The 1895 case U.S. v. E. C. Knight dealt with the federal government's attempt to enforce the Sherman Antitrust Act against a sugar manufacturer. Above, a sugar refinery in the American south at the turn of the 20th century.

Reproduction courtesy of the Library of Congress
United States v. E. C. Knight (1895)

In United States v. E. C. Knight (1895), the Supreme Court interpreted the Sherman Antitrust Act of 1890, which was designed to limit the dangerous growth of corporate monopoly in the last quarter of the 19th century. The act provided that "every person who shall monopolize, or attempt to monopolize, or combine or conspire with any other person or persons, to monopolize any part of the trade or commerce among the several States ... shall be deemed guilty of a felony."

The case involved the American Sugar Refining Company. Not long after the Sherman Act was passed, American Sugar bought out four other sugar refineries, increasing its control over national sugar production to 98 percent. In response, the U.S. government sought to invalidate American Sugar's purchase in a lower federal court on the grounds that it violated the Sherman Act. The lower court dismissed the case, and the government appealed to the Supreme Court.

In an 8-1 decision written by Chief Justice Melville W. Fuller, the Court ruled that the government lacked power under the Constitution to enforce the Sherman Act against the company's manufacturing operations. Congress's powers are limited to those enumerated in the Constitution, the Court argued, and only one of those powers, that given by the Constitution's Commerce Clause, allows Congress to "regulate commerce ... among the several States." Manufacturing operations are not "interstate commerce," the Court asserted, because such operations occur entirely in one state. In short, Congress has the power to regulate trade but not manufacturing.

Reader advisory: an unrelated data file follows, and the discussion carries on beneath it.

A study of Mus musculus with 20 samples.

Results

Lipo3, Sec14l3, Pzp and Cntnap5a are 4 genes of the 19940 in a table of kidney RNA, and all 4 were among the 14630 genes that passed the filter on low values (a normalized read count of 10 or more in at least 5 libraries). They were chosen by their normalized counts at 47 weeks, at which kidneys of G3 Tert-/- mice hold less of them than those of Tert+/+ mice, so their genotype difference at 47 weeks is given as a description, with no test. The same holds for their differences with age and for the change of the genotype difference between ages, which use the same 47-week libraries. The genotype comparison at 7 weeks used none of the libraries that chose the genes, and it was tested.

In formulating its ruling, the Court attempted to reconcile Congress's powers under the Commerce Clause with the economic realities of the industrial age. By the late 19th century, as the American economy became more national in scope, and the Court felt obligated to "draw a line" between commercial activities that are "mercantile" in nature, which Congress could regulate, and those "industrial" in nature, which the Court ruled Congress could not regulate. The Commerce Clause only permitted federal regulation of the buying, selling, and transportation of goods between states. If the government were also permitted to regulate the production of goods, as it attempted to do in this case, "comparatively little of business operations would be left for state control."

Like Lochner v. New York (1905), United States v. E. C. Knight proved to be a serious obstacle to the New Deal reforms during the Great Depression. Also like Lochner, Knight was effectively overturned by the late 1930s. In N.L.R.B. v. Jones & Laughlin Steel Corp. (1937), the Supreme Court ruled that an in-state commercial activity like manufacturing may be deemed a part of interstate commerce if the activity has a "close and substantial relationship" to interstate commerce. The Jones & Laughlin decision opened the door for expansive federal regulation of the economy. Judging by U.S. v. Lopez (1995), however, the Court's permissive approach to congressional authority under the commerce clause may be coming to an end.

Alex McBride is a third year law student at Tulane Law School in New Orleans. He is articles editor on the TULANE LAW REVIEW and the 2005 recipient of the Ray Forrester Award in Constitutional Law. In 2007, Alex will be clerking with Judge Susan Braden on the United States Court of Federal Claims in Washington.